Beck, William S., Karel F. Liem, and George Gaylord Simpson. Life: An Introduction to Biology. 3d ed. New York: HarperCollins, 1991. Introduction to biology for the beginning student. Contains a clear text, many strong diagrams and illustrations, and beautiful photographs. Contains a thorough discussion of animal behavior, famous experiments, and various types of animal learning, including imprinting, and describes the studies of Konrad Lorenz and others.
Klopfer, Peter H., and Jack P. Hailman. An Introduction to Animal Behavior: Ethology's First Century. 2d ed. Englewood Cliffs, N.J.: Prentice-Hall, 1974. An excellent and well-organized introduction to the history of animal behavior research. Presents major themes and models and cites many important studies. Two chapters discuss instinctive and learned aspects of behavioral development.
Manning, Aubrey, and Marian Stamp Dawking. An Introduction to Animal Behavior. 5th ed. New York: Cambridge University Press, 1998. Concise, detailed, and thorough presentation of animal behavior research. Encompasses all major behavioral theories and supporting experiments. Includes a good discussion of imprinting studies, particularly with reference to maternal imprinting, and describes the biological bases behind imprinting and other behaviors.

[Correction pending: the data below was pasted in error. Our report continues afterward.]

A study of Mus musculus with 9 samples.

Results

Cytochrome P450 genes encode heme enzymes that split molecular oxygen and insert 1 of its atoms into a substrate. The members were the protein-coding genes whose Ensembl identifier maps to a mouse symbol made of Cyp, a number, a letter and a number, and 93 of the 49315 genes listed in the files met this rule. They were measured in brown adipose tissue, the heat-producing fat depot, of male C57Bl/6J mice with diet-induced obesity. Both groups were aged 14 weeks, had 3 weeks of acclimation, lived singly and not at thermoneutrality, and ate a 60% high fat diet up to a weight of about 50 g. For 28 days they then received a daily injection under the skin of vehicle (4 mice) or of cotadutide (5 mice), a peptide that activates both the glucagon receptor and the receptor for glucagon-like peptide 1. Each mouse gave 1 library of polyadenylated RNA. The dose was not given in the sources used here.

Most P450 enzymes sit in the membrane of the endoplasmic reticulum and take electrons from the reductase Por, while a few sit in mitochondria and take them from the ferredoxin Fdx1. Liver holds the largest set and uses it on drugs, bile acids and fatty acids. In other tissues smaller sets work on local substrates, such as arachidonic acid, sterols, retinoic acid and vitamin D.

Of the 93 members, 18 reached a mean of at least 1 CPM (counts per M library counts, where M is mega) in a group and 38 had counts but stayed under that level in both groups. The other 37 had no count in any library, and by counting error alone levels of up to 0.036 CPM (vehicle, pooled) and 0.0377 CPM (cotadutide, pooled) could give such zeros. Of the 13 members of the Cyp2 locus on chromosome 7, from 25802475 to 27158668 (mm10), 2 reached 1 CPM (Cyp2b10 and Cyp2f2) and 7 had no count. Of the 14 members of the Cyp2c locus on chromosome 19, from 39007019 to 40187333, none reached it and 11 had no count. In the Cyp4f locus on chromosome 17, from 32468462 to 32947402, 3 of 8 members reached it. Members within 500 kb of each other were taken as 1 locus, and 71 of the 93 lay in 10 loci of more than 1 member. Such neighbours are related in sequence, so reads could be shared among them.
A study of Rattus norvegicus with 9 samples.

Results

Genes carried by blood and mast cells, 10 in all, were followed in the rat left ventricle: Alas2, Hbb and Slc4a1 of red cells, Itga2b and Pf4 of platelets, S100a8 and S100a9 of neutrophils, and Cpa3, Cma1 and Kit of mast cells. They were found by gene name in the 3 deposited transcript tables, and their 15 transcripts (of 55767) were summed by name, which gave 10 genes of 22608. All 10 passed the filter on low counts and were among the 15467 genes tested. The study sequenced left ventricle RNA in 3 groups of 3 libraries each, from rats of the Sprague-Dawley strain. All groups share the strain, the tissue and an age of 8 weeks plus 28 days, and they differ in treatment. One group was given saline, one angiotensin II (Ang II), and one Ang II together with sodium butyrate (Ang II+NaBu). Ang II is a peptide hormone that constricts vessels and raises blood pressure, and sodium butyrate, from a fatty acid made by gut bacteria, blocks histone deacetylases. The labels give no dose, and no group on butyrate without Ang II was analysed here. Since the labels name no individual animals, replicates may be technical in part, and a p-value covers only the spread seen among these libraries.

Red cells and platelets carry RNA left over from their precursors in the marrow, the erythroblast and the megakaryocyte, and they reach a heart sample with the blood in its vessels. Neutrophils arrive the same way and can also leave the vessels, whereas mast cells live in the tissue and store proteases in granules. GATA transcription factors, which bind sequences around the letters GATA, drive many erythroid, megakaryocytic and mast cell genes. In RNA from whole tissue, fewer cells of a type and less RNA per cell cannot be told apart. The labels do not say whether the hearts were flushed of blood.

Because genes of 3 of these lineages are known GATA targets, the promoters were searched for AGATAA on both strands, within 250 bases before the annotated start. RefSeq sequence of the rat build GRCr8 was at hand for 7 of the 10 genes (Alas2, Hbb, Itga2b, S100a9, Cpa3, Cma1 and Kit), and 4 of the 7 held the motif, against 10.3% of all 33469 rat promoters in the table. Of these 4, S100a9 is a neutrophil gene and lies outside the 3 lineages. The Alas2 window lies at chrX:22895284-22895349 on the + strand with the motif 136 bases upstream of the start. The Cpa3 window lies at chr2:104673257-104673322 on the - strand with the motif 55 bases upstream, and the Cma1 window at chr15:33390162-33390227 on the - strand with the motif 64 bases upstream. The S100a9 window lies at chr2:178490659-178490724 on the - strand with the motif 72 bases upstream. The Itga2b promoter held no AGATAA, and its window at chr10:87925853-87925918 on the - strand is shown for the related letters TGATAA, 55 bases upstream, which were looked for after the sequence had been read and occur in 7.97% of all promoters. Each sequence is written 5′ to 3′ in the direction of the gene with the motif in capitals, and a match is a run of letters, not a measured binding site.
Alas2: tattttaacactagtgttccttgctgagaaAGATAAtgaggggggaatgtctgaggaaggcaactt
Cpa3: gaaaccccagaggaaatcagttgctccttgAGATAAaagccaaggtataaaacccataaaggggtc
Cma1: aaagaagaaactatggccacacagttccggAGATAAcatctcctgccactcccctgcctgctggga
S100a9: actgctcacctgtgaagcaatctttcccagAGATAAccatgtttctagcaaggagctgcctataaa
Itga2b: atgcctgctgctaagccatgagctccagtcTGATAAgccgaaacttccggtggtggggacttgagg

Raven, Peter H., and George B.Johnson. Biology. 6th ed. Boston: McGraw-Hill, 2002. A strong presentation of all aspects of biology for the beginning student. Includes excellent diagrams and illustrations. Summarizes the major theories and classic experiments of animal behavior research, including imprinting studies.
Wallace, Robert A., Gerald P. Sanders, and Robert J. Ferl. Biology: The Science of Life. 3d ed. New York: HarperCollins, 1991. An outstanding book for beginning students that describes all major concepts in biology with great clarity, using numerous examples, good illustrations, and beautiful photographs. Discusses behavioral research, including studies of maternal imprinting.
Wilson, Edward Osborne. Sociobiology: The New Synthesis. Cambridge, Mass.: The Belknap Press of Harvard University Press, 2000. A comprehensive study of sociobiology, a perspective which maintains that animal behavior is a driving force in animal species evolution. The author, a prominent entomologist, is a leading proponent of this controversial theory, which he defends with hundreds of case studies. Describes the biological basis of behavior during all stages of animal development.
David Wason Hollar, Jr.
See also: Hormones and Behavior; Instinct Theory; Learning; Reflexes.